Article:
Hydrostor plans another compressed air energy storage project


Following its application for the 400 MW/3200 MWh Pecho Energy Storage Center, Hydrostor filed an application for an even larger 500 MW/4000 MWh, $975 million energy storage facility near Rosamond, California.

The Gem Energy Storage Center would be located in Kern County, a recent hotbed for development of utility-scale solar projects. The storage center would use Hydrostor’s Advanced Compressed Air Energy Storage (A-CAES) system.

Hydrostor’s technology features a four-step process for storing and dispatching energy. It first compresses off-peak or surplus energy from the grid, producing heated compressed air. Next, the heat is extracted from the air stream and stored inside a thermal store, saving the energy for later use. The compressed air is stored in a tank that uses a process called hydrostatic compensation to maintain constant pressure during operation.  When the energy needs to be dispatched, pressure forces air to the surface, where it is then recombined with heat, and sent through an air turbine, producing dispatchable electricity.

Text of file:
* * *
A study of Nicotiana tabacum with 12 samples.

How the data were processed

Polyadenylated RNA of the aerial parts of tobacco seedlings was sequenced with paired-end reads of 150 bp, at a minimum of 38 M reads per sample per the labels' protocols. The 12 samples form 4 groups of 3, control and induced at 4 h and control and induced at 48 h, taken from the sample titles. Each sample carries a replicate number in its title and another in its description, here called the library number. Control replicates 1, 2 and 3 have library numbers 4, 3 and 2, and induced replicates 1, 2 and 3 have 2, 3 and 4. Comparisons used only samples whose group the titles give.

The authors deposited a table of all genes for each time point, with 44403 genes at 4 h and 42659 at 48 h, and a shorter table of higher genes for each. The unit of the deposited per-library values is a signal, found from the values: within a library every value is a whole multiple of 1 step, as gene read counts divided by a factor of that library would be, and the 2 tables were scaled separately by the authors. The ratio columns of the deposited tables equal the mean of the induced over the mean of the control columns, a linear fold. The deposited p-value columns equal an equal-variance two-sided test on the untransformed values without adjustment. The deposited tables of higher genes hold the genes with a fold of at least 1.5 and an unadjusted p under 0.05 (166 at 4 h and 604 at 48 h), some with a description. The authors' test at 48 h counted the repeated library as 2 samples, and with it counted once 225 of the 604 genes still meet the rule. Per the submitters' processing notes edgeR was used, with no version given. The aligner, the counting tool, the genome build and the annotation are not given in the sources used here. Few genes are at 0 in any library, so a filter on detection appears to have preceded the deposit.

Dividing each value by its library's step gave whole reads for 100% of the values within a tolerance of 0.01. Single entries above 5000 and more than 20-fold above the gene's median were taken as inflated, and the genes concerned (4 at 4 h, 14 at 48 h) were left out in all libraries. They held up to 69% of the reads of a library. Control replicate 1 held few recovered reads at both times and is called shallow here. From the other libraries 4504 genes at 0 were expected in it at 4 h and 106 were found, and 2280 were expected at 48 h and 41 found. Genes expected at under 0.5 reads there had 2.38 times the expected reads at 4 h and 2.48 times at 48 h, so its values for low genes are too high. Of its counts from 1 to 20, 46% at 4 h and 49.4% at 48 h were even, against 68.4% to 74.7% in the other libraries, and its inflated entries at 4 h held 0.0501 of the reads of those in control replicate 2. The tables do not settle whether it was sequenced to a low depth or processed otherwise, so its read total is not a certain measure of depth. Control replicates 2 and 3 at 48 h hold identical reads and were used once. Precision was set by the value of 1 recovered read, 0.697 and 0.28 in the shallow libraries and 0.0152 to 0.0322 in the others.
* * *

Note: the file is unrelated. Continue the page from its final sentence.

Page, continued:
A rendering of the Pecho project proposal.

Image: Hydrostor

The project is expected to make commercial operation date as early as 2026, playing a role in the region’s energy supply and reliability needs. The project is expected to help meet the growing share of renewable energy power peak demand for the greater Los Angeles region and the broader grid.

About 30 to 40 full-time permanent jobs, and roughly 700 four-year construction jobs, are expected when the project commences. Tax revenues of about $500 million are expected for Kern County.

Gem is planned to interconnect at the Whirlwind Substation under California Independent System Operator (CAISO) delivery, or at the planned Rosamond Switching Station, under Los Angeles Department of Water and Power (LADWP) delivery. In June 2021, the California Public Utilities Commission adopted a decision to procure 1,000 MW of long-duration energy storage, with durations of eight hours or longer.

Hydrostor said the A-CAES system can operate for 50 years with little to no degradation.